2 arrested at Penn Station after NYPD and FBI investigate threat to NYC synagogues


This is a developing story.

(New York Jewish Week) — Two men were arrested on Saturday at Pennsylvania Station in Manhattan for what the New York Police Department called “a developing threat to the Jewish community.”

One of the men had traveled to New York City after posting on social media that he might “shoot up a synagogue and die,” law enforcement sources told local and national media organizations. Officers seized weapons, including an illegal firearm and a large hunting knife; ammunition; and a Nazi armband apparently belonging to the suspects, according to the reports.

NYPD Commissioner Keechant Sewell announced the arrests in a statement, in which she said the police department was strategically deploying resources to “sensitive locations” throughout the city due to the threat.

Sewell said the NYPD and FBI had worked together to swiftly “gather information, identify those behind it and operationally neutralize their ability to do harm.”

The NYPD had alerted officers late Friday to be on the lookout for Christopher Brown, 22, noting that he had a history of mental illness, had made threats to synagogues and that “should be considered armed and dangerous.”

The alert said Brown had indicated online that he was interested in traveling from his home in Aquebogue, Long Island, to New York City in order to purchase a weapon.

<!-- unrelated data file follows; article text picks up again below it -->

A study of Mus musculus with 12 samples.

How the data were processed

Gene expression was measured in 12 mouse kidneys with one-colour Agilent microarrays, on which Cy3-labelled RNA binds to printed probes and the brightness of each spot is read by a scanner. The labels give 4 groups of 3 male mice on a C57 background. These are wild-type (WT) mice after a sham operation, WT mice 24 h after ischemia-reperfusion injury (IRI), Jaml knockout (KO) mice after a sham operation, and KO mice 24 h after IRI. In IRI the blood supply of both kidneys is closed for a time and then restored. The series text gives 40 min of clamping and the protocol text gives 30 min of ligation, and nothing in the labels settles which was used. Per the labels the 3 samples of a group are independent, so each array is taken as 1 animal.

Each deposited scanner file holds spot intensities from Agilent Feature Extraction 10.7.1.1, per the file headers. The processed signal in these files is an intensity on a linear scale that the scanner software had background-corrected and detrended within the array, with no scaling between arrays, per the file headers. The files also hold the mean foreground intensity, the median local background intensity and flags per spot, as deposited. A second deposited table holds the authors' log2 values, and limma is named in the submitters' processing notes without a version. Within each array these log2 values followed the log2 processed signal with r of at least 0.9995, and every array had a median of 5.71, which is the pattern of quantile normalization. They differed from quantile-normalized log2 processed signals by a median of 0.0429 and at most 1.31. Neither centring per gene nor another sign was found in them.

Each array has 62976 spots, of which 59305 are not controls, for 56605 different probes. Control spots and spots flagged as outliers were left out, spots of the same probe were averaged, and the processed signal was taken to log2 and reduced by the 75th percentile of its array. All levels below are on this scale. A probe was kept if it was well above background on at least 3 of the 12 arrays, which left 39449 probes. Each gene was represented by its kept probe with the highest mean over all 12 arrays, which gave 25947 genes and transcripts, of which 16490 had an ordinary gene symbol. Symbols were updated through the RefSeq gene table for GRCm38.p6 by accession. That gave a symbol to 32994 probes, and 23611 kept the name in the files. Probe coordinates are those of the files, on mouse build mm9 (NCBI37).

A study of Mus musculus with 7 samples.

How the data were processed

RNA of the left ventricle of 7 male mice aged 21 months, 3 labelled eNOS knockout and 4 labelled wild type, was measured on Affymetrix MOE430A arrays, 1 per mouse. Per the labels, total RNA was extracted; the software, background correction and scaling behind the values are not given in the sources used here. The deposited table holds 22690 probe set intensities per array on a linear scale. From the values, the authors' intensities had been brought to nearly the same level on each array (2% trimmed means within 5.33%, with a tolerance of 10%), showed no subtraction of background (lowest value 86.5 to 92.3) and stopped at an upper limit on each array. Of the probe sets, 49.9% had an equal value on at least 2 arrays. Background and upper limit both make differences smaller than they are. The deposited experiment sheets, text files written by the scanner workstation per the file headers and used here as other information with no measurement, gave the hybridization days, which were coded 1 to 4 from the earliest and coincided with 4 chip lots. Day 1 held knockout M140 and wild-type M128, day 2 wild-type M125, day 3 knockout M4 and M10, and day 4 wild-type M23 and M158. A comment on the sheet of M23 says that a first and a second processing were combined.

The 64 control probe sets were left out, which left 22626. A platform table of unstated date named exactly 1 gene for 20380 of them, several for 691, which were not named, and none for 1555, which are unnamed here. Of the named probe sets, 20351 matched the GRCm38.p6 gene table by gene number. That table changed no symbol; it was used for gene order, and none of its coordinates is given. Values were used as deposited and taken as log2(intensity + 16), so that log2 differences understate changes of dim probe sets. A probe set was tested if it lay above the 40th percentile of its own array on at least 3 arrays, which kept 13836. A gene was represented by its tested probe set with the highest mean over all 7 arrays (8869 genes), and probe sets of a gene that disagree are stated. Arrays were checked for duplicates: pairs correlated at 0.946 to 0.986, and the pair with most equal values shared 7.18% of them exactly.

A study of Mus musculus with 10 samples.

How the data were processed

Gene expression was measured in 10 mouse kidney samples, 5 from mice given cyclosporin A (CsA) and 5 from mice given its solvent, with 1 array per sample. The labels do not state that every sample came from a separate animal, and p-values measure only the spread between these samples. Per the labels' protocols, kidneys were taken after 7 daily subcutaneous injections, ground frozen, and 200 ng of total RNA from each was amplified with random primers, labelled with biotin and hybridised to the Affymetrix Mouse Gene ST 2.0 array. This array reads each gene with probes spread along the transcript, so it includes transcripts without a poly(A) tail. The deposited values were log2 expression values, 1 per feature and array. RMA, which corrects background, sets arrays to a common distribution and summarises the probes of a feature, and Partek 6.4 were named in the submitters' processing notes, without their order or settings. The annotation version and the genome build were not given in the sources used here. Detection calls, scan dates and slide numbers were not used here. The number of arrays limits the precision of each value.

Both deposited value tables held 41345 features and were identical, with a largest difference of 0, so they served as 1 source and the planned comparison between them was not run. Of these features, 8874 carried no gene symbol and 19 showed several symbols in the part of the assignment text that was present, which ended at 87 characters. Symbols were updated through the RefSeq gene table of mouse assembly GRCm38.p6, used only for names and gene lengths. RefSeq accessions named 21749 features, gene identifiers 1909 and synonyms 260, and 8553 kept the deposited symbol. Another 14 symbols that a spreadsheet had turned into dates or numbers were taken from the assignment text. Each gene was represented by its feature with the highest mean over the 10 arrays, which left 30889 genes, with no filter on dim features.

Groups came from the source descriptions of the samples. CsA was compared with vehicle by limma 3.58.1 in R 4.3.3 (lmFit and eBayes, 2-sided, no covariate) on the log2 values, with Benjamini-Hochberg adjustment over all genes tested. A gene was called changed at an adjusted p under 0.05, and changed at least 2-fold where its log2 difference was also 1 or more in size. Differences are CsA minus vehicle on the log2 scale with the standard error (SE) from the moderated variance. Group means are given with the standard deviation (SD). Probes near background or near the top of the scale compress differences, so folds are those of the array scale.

Sewell said that officers patrolling Penn Station noticed Brown early on Saturday and arrested him, along with a second man, Matthew Mahler of Manhattan. Brown is being charged with making a terroristic threat, aggravated harassment and criminal possession of a weapon, the NYPD said, while Mahler is being charged with possessing a weapon.

“Today, we’re extremely grateful to NYPD investigators and our law enforcement partners who uncovered and stopped a threat to our Jewish community,” Sewell tweeted. “This morning’s arrests in Penn Station and weapon seizures are proof of their vigilance & collaboration that keeps New Yorkers safe.”

The arrests come just weeks after the FBI warned synagogues in New Jersey about a “credible threat” made to them; the NYPD heightened security at city synagogues as a precaution. The FBI later announced that a 19-year-old man who said he had sworn allegiance to ISIS had been arrested for making the threat.

The arrests also come a time of heightened anxiety about antisemitism in New York City and beyond. The NYPD has recorded an increase in the number of antisemitic incidents reported to it, a trend that matches tallies released by cities and countries around the world in the last year. Meanwhile, celebrities Kanye West and Kyrie Irving have ignited concerns about antisemitism with their comments and tweets, and turmoil at Twitter has fueled a rise in hate posts, including about Jews, according to watchdogs who monitor the social media platform.

Brown had begun tweeting about shooting up a synagogue on Nov. 12, according to CNN’s report about the New York City arrests.

The Community Security Service, a Jewish security nonprofit organization, released a statement late Saturday saying that it had been in contact with federal and local law enforcement agencies over the past day.

“As always, we ask the community to remain vigilant, but no further immediate community actions are needed at this time,” the statement said.